BBC to review whether it should become smaller

Mark Thompson, the BBC director general, is to oversee a "thorough review" into whether the corporation is "the right size" and what areas it should concentrate its resources on in future.



This review, outlined in an  open letter to licence payers by the BBC Trust chariman Sir Michael Lyons today, is clearly an acknowledgement of the concerns across commercial media that the BBC has become too big.

The pain of privately-run media has become increasingly acute as the advertising downturn has forced down profits and led to extensive job cuts. This week the commercial radio sector has complained about Radio 2 and Radio 1 "squeezing" the market and reducing access to the key 25-45 demographic demanded by advertisers.

The replacement of Terry Wogan by Chris Evans is seen as part of that.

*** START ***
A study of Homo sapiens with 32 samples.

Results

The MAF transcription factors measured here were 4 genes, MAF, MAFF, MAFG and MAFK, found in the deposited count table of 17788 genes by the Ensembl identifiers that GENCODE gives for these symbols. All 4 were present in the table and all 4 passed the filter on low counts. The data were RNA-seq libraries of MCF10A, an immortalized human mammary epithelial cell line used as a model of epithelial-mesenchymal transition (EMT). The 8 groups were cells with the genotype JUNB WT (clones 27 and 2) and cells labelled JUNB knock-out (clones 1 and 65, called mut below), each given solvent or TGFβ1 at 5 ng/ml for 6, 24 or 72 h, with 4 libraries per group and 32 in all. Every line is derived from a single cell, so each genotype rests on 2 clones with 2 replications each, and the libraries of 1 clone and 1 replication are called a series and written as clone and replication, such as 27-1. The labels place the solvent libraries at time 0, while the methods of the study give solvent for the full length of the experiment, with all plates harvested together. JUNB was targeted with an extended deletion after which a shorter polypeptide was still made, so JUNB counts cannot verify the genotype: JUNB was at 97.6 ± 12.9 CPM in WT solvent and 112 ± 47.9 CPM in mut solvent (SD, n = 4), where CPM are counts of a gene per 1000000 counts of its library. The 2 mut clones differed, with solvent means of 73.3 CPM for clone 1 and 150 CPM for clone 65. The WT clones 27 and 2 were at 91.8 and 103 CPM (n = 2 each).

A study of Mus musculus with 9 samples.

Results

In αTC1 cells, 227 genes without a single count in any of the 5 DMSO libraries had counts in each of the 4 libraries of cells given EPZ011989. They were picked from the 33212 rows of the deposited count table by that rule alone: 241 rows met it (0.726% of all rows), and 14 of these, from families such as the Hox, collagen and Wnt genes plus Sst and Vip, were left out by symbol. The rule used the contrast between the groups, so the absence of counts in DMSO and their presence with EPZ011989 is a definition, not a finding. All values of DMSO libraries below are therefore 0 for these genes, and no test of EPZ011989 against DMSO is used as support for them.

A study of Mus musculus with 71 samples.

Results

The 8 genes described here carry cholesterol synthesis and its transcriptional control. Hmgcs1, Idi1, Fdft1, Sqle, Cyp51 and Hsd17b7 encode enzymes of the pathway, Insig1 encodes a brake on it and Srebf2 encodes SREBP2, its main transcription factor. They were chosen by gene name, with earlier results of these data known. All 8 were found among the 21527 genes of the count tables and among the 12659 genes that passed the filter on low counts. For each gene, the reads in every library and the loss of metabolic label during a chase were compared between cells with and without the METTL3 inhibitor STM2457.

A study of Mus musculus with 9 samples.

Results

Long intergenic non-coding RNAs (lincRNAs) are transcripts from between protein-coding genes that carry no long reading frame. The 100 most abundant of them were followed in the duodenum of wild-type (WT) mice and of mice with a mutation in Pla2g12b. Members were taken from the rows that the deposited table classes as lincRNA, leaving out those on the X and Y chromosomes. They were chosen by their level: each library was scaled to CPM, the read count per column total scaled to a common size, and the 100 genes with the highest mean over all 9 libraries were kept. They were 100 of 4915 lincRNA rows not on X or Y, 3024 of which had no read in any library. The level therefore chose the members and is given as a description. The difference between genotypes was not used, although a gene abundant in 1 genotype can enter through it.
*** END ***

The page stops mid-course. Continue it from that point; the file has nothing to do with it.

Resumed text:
At the same time print based media is worried that the strength of bbc.co.uk makes it almsot impossible to monetise the online content of magazine and newspaper businesses.

At the Edinburgh Television Festival at the end of last month, News Corp's James Murdoch described the BBC's ambitions as "chilling". The review of the BBC's scale, to be conducted by Thompson, was agreed by the corporation's executive and the BBC Trust, the governing body, back in June, so well ahead of the Murdoch attack.

Nonetheless it is a sign that the BBC is starting to acknowledge that the growth across multiple media platforms of a publicly-funded organisation may not be the good thing that licence fee payers might at first assume.